Located in the heart of Asir region in the south of Saudi Arabia is Rijal Alma. This stunning village, which sits at the foot of Assouda Mountain on what has been reported to be an ancient trade route connecting Yemen and Saudi Arabia, is known for its houses and structures made of stone. In 2007, the “stone village” won the Prince Sultan bin Salman Award for Urban Heritage, in 2017 it won first place in the Arab Cities “Mudon” Award, and this year it has set its sights on another prestigious goal: to become a UNESCO World Heritage Site.
Already a favorite local tourism destination, this village with its stone buildings accented in gleaming white quartz is one of the most prominent cultural and archeological sites in the Kingdom today. Restoration works have been carried out over the last few years, and additional green spaces and an open-air theatre with the capacity to host 1,000 people have been included to the site.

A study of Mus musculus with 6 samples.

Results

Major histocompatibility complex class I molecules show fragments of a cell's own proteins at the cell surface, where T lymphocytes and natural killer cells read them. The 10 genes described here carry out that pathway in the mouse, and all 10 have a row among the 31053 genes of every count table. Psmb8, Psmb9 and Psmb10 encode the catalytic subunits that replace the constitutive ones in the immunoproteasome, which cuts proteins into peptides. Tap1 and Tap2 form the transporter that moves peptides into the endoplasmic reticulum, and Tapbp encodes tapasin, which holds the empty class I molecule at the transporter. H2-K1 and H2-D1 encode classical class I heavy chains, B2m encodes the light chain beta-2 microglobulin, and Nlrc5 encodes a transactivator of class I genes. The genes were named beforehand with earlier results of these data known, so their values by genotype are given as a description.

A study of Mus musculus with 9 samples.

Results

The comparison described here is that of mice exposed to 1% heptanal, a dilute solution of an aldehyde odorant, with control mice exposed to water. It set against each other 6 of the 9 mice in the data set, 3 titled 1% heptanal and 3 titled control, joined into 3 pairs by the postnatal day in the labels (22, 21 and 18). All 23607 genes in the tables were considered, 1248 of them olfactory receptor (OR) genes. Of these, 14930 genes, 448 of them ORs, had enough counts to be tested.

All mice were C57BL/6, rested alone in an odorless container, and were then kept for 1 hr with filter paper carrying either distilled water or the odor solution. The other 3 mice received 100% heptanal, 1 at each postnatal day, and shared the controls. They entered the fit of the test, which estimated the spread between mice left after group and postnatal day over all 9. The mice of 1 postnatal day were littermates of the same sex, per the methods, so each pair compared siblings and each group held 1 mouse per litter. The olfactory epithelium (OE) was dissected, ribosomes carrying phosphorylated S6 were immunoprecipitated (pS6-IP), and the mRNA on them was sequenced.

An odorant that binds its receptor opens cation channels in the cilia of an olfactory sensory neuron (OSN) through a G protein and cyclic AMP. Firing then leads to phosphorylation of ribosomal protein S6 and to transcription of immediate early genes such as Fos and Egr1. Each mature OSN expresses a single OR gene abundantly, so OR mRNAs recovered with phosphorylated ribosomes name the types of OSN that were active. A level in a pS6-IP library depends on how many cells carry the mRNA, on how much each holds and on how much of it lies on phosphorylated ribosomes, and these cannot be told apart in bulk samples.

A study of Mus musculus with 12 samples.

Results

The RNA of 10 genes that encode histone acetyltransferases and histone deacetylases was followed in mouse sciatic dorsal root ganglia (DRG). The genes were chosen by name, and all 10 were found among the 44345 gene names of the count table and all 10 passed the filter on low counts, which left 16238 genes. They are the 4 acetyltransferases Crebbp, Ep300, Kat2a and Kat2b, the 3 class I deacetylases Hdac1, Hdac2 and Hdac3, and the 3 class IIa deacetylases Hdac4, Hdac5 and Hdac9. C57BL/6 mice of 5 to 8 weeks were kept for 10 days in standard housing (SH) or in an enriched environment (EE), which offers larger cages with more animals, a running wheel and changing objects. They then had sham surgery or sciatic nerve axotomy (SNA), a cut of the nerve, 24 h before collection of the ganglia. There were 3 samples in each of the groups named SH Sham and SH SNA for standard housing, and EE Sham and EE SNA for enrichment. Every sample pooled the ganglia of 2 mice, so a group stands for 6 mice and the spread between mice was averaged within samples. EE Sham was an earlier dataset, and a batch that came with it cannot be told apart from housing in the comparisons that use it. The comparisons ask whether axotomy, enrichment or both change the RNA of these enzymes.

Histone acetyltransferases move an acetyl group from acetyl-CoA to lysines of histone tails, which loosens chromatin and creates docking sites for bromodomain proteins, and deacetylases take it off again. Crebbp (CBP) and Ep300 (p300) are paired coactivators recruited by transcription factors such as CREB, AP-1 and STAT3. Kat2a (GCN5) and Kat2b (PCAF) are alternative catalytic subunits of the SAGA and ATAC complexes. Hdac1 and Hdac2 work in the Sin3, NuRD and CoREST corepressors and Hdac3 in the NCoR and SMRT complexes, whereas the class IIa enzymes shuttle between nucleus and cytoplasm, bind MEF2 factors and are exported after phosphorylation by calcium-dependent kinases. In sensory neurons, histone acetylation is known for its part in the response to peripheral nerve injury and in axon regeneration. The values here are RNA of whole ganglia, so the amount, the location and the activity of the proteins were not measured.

With its ideal year-round weather, magnificent mountains, and breathtaking valleys, Rijal Alma is looking to become an even more popular tourist destination, attracting not only international visitors but archaeologists from around the world as well.
Rijal Alma is not the only destination in Saudi Arabia that has been been associated with the UNESCO World Heritage Site list. For instance, in July of this year, Al-Ahsa, Saudi Arabia’s largest natural agricultural oasis, was named a world heritage site by UNESCO. One of the largest oases in the world and the largest in the Kingdom, Al-Ahsa is located in eastern Saudi Arabia and is known for its almost three million date palms. Diriyah, a town located on the north-western outskirts of Riyadh and the original home of the Saudi royal family, was also declared a UNESCO World Heritage Site way back in 2010.